Wednesday, May 10, 2017

Medicated ADHD Patients Found to Have Lower Risk of Car Crashes

People with attention-deficit/hyperactivity disorder (ADHD) are known to be at a higher risk of car accidents than those without ADHD, but a study published today in JAMA Psychiatry suggests taking medications for the disorder may lower this risk.

“From a clinical perspective, it is important to consider the combined effects of illness, medication use, and associated changes in lifestyle so that our results can assist patients and clinicians in making informed decisions about treatment and driving safety,” Zheng Chang, Ph.D., of the Karolinska Institutet and colleagues wrote.

For the study, Chang and colleagues used data contained in the Truven Health Analytics MarketScan Commercial Claims and Encounters database to identify people aged 18 and older who had received an ADHD diagnosis or ADHD medication between January 2005 and the end of December 2014. Patients were tracked from first inpatient or outpatient diagnosis or filled prescription until first disenrollment (zero days of medical or drug coverage in a month) or December 31, 2014, whichever came first. The number of emergency department visits for motor vehicle crashes for these patients was compared with those of non-ADHD controls matched by sex, age at first enrollment, length of enrollment, and more.

The study cohort consisted of 2,319,450 patients diagnosed with ADHD (1,121,053 men and 1,198,397 women). During the follow-up, 1,946,198 patients (83.9%) received at least one prescription for an ADHD medication. A total of 11,224 patients (0.5%) had at least one emergency department visit for a motor vehicle crash. Patients with ADHD had a significantly higher risk of a motor vehicle crash than their matched controls (odds ratio [OR]=1.49 for men and OR=1.44 for women). Untreated patients with ADHD had the highest risk of a motor vehicle crash compared with medicated patients with ADHD and controls.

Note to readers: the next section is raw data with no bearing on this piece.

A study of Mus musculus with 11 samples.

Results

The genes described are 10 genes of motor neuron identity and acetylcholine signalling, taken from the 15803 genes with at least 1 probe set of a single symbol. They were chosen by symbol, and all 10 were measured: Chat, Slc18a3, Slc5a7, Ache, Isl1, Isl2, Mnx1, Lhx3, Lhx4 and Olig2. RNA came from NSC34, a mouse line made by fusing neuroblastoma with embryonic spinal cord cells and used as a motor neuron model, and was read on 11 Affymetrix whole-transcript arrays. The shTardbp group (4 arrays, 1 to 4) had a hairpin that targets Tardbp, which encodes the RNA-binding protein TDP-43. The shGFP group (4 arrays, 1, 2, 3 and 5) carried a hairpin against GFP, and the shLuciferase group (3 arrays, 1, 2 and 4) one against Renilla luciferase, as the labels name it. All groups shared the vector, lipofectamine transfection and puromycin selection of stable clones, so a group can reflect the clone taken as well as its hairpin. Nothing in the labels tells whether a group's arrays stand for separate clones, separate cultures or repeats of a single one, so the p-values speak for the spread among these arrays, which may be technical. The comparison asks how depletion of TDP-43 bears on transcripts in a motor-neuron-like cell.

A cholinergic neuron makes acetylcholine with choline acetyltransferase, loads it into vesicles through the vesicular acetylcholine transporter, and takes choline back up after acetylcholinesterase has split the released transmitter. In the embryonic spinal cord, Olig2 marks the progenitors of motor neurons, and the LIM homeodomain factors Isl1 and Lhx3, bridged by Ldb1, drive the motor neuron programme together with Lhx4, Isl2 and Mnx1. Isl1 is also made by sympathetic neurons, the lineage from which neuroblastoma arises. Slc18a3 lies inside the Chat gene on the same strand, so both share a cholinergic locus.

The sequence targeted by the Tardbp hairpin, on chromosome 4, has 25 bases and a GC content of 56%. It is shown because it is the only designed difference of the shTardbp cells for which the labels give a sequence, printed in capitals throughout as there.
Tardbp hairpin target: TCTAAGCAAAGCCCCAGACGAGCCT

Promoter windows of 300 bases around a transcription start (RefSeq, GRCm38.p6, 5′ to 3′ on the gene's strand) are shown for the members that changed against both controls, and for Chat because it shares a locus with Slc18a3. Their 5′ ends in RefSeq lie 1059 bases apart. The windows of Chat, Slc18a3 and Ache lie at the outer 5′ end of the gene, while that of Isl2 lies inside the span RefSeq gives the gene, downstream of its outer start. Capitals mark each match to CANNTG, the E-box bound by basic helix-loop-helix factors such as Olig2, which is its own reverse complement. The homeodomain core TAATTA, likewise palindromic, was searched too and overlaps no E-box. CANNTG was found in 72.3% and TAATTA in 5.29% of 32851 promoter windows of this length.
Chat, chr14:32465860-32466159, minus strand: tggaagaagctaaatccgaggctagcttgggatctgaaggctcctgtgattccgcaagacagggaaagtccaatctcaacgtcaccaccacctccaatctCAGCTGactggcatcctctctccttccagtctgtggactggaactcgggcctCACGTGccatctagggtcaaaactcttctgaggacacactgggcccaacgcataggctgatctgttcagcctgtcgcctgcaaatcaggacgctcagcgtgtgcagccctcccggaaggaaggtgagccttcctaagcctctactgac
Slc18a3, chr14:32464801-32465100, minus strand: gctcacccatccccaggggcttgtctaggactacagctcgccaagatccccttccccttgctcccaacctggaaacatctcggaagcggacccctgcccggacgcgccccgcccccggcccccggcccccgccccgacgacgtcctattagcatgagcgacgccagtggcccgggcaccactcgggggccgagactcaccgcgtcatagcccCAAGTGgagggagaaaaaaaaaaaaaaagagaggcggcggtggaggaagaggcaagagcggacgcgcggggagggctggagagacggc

Chang and colleagues also compared the risk of motor vehicle crashes in individual patients during medicated and unmedicated months. The analyses showed that men and women with ADHD were 38% and 42%, respectively, less likely to have motor vehicle crashes during medicated months relative to unmedicated months. Moreover, ADHD medication use was associated with a 34% lower risk of accidents two years later in male patients with ADHD and a 27% lower risk in female patients with ADHD.

“[T]his study is the first to date to demonstrate a long-term association between receiving ADHD medication and decreased MVCs [motor vehicle crashes]. If this result indeed reflects a protective effect, it is possible that sustained ADHD medication use might lead to lower risk of comorbid problems … or contribute to long-term improvements in life functioning,” the authors wrote.

In a related editorial, Vishal Madaan, M.D., and Daniel Cox, Ph.D., of the University of Virginia Health System noted that the findings reaffirm support for the use of ADHD medications for drivers with ADHD who respond to the medications. However, they emphasized that some medications may be less effective later in the day when the medications may have worn off.

“Individualizing and optimizing ADHD pharmacotherapy, while being mindful of adverse effects and the potential for abuse, is the most prudent way forward,” the researchers concluded.

For related information, see the Psychiatric News article “Better Ways to Treat Child ADHD, New Thinking for Adults Needed.”